Kids & Family

How to Shop for Kids’ Shoes


photoAdvice from our in-store Certified Pedorthist Morynn Marx, mother of three.


Time to purchase those back-to-school shoes. And let’s be honest, a trip to the shoe store with Jr. can be a whirlwind experience. Maybe even the F5 Twister kind. Here’s some pointers from Morynn Marx, Certified Pedorthist and mother of three, to help eliminate some of the hassle and get your child into the right shoe.


Getting the Right Fit

When it comes to finding the right shoe for your kid, the biggest thing is getting the correct size, says Morynn. You want to make sure there is enough room between the longest toe and the front of the shoe (about the length of a thumbnail). Remember, it’s better to have the shoes a little big than a little small. Because kid’s feet do grow quickly—sometimes seemingly overnight—you need to check often to make sure they still have enough toe room. Blisters are often an indication the shoe is too small.


Flexibility Is Important

Shoes should have some flexibility to allow the foot to move and function naturally.  A shoe that flexes at the ball of the feet is important as kids are usually running and jumping and need to have a wide range of motion in the foot.


You Can Have Too Much of a Good Thing

Avoid shoes with too much cushioning. There are thousands of receptors on the bottom of the foot sending signals to the brain. Excessive cushioning can confuse or blind those receptors. Also, watch out for shoes with a heel rise (unless directed by a doctor) as this can put excessive pressure on the toes.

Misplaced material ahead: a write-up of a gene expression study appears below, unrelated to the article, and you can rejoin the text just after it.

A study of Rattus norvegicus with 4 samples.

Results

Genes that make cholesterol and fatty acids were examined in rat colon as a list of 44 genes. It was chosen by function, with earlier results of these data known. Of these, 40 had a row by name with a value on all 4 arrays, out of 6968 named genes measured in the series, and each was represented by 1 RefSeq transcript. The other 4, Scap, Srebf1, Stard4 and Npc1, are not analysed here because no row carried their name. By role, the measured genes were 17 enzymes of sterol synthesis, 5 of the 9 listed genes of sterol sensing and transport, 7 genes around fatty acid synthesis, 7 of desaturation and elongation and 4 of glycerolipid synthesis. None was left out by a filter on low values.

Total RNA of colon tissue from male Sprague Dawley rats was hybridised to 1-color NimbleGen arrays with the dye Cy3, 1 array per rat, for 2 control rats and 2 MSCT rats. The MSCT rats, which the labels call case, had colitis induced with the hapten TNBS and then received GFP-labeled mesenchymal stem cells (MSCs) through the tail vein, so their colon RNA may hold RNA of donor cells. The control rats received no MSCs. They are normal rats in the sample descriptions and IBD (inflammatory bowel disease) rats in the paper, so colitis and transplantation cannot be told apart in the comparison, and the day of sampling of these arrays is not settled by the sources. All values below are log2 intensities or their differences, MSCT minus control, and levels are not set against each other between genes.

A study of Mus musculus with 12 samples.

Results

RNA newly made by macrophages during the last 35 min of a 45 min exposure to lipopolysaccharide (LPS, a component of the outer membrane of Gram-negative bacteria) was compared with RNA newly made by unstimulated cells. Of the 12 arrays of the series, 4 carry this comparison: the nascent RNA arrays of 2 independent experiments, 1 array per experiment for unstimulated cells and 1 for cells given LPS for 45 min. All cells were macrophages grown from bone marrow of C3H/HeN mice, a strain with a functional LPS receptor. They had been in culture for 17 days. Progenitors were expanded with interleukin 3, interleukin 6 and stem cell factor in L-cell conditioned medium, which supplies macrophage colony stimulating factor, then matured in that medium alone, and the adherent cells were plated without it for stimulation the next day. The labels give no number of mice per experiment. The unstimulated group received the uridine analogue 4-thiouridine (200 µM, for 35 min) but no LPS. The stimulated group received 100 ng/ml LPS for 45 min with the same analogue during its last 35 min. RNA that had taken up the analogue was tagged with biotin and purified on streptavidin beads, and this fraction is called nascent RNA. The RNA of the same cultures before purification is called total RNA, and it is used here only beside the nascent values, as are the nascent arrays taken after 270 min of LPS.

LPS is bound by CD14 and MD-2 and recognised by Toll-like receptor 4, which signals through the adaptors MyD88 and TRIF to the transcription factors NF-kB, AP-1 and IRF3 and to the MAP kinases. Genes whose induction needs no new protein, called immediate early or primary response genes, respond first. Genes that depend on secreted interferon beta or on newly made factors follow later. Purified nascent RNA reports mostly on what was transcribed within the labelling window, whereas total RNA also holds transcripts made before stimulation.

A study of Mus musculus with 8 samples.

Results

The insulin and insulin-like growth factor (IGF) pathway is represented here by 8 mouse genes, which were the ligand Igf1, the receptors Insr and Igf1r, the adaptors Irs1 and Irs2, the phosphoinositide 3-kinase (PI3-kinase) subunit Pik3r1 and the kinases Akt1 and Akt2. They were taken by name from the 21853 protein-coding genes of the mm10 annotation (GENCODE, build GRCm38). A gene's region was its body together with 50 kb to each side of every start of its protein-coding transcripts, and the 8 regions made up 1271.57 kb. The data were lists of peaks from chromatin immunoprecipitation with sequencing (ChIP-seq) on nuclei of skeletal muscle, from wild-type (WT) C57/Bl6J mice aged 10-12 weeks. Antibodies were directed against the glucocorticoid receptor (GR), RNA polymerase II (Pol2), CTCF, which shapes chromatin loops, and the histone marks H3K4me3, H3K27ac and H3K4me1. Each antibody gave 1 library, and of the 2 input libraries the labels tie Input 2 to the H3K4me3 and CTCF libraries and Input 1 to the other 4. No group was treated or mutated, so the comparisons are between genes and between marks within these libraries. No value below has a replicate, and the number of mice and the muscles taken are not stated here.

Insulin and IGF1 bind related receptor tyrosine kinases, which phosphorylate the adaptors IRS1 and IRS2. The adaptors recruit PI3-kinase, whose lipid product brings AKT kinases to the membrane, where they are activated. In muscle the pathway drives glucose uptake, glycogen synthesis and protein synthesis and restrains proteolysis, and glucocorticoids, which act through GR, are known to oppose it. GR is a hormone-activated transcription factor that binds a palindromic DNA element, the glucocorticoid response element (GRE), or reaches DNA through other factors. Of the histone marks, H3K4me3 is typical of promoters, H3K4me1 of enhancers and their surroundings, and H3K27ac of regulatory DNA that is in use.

Hand-me-downs? Yay or Nay?

My kids have definitely worn hand-me-downs,” says Morynn. Of course, it’s important to look at the shoe to see make sure it’s not too worn. Certain shoes hold up much better than others, specifically those with a thin, firm sole. Kids may outgrow those kinds of shoes before they outwear them, where a softer sole tends to break down faster.


Keeping Shoes Fresh

When it comes to controlling footwear funk, Morynn suggests avoiding cotton socks since the material tends to trap moisture. Instead, opt for moisture wicking socks made from polyester or wool blends. Also, if the shoes allow it, throw them in the washing machine and let them air dry. Morynn says this is a great solution when spot washing just won’t cut it.


Additional Tips:

  • Feet swell throughout the day, so if you can, shop for your kid’s shoes later on.
  • Bring in your child’s old pair of shoes so the CPED or fit-expert can look for unusual wear patterns.
  • Switch up your kid’s footwear. If you let shoes “rest” for a day, it will help them spring back and retain their shape.